ULEZ chaos leaves Addison Lee Galaxy deal in limbo
Ford has launched its all-new third-generation Galaxy MPV – but is budgeting without any sales to Addison Lee in the first full year.
Ford said it planned to sell around 3,000 of the all-new seven-seater, down from 6,250 sales in 2014. “We’re planning without any sales to Addison Lee,” said a Ford spokesman, who cited uncertainty over London’s controversial ULEZ proposals for private hire vehicles as a reason for the delay.
Addison Lee chief operating officer Catherine Faiers said Addison Lee had not ruled out buying new Galaxy, and said the next buying cycle would not start until March 2016. In the meantime, Addison Lee is still taking delivery of old-shape Galaxy models until the end of 2015 as part of a deal to take Ford’s run-out stock.
Faiers said: “The Ford Galaxy is synonymous with Addison Lee. We haven’t committed to the new model yet, but it would be unusual at this time to do that. We’re not locked in with Ford or any other manufacturer for2016 orders at this time.”
Addison Lee’s fleet has changed in recent years, and now includes large fleets of 350 Mercedes E300 Bluetec Hybrid and 350 Toyota Prius and Prius+ hybrids, many of which have been added through the acquisitions of Climatecars, WestOne Cars, Cyclone, Ecoigo and London Executive over the past three years.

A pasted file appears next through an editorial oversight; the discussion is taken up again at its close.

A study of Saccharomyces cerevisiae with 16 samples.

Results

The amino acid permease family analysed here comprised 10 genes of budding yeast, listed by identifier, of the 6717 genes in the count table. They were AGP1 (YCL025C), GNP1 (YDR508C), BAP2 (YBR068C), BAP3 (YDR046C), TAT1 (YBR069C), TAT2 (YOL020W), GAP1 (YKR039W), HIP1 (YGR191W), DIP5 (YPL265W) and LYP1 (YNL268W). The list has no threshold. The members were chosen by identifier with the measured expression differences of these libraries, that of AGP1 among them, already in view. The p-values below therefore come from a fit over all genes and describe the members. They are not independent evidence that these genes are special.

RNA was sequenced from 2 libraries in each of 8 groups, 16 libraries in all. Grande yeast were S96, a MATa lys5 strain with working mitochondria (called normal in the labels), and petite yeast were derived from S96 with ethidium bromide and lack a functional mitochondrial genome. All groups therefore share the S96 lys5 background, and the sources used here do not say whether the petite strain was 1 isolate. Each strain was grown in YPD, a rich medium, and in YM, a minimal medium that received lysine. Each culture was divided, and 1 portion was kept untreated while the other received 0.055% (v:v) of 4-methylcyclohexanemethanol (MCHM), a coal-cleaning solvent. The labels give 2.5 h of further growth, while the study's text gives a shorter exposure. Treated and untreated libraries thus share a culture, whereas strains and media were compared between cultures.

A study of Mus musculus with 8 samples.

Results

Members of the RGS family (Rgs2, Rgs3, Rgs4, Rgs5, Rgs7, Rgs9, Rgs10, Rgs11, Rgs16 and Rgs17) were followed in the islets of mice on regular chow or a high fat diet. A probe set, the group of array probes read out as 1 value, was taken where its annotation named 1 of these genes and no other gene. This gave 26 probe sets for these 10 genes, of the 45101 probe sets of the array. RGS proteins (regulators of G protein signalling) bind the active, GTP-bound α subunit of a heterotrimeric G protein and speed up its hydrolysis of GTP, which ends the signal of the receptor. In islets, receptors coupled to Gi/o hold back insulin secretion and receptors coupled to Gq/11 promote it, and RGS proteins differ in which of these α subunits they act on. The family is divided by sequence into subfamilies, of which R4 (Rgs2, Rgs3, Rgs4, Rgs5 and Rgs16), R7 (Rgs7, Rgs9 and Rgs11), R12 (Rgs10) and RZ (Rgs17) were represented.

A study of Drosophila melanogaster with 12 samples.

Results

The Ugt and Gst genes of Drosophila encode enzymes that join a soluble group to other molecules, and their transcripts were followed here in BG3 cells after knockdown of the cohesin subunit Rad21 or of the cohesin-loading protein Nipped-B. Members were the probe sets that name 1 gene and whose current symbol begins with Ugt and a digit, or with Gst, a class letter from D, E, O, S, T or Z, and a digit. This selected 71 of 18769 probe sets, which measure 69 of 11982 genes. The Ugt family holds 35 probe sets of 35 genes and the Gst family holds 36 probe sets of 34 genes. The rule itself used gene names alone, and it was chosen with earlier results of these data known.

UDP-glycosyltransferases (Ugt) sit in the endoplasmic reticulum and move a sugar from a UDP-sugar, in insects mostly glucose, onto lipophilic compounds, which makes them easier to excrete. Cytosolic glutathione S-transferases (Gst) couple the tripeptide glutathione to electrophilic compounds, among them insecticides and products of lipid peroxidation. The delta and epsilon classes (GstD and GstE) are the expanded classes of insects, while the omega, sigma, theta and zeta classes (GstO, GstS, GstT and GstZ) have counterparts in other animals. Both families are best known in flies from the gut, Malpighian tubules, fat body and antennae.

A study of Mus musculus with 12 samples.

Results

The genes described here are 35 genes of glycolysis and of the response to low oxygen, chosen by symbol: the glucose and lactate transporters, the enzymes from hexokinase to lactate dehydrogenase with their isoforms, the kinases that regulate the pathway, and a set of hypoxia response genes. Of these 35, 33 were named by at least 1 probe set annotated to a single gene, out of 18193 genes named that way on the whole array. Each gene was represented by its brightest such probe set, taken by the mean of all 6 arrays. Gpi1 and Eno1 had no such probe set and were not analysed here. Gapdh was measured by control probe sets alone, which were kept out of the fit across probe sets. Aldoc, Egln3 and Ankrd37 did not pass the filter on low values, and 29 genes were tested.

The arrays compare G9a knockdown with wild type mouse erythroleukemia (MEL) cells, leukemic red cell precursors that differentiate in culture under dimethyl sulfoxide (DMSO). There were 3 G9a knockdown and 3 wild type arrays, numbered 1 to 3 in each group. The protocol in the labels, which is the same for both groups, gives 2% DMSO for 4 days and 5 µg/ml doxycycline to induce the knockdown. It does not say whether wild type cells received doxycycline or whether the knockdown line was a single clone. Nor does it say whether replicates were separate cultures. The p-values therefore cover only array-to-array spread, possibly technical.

The proposed 2018 ULEZ rules will force operators to look at hybrids – though currently no cars are available that meet the electric range element of the proposals, apart from pure electric cars such as Tesla S and Nissan Leaf. There are no plans for a hybrid Galaxy, and the new model has CO2 emissions of 129g/km, though it does meet the ULEZ Euro 6 standards applicable to private cars rather than PHVs.
Faiers said the ULEZ plans created uncertainty – new Galaxy would be OK to operate now, but cars joining the Addison Lee fleet in 2016 would be de-fleeted in 2018, and might be hard to sell on to other London private hire operators if they cannot be licensed.
Faiers added that Addison Lee was lobbying strongly for the TfL rules to be changed or toned down. “Regulatory bodies should be defining targets, not specifying technology,” she said. “We are lobbying for a phased introduction rather than counter-intuitive range-based targets.”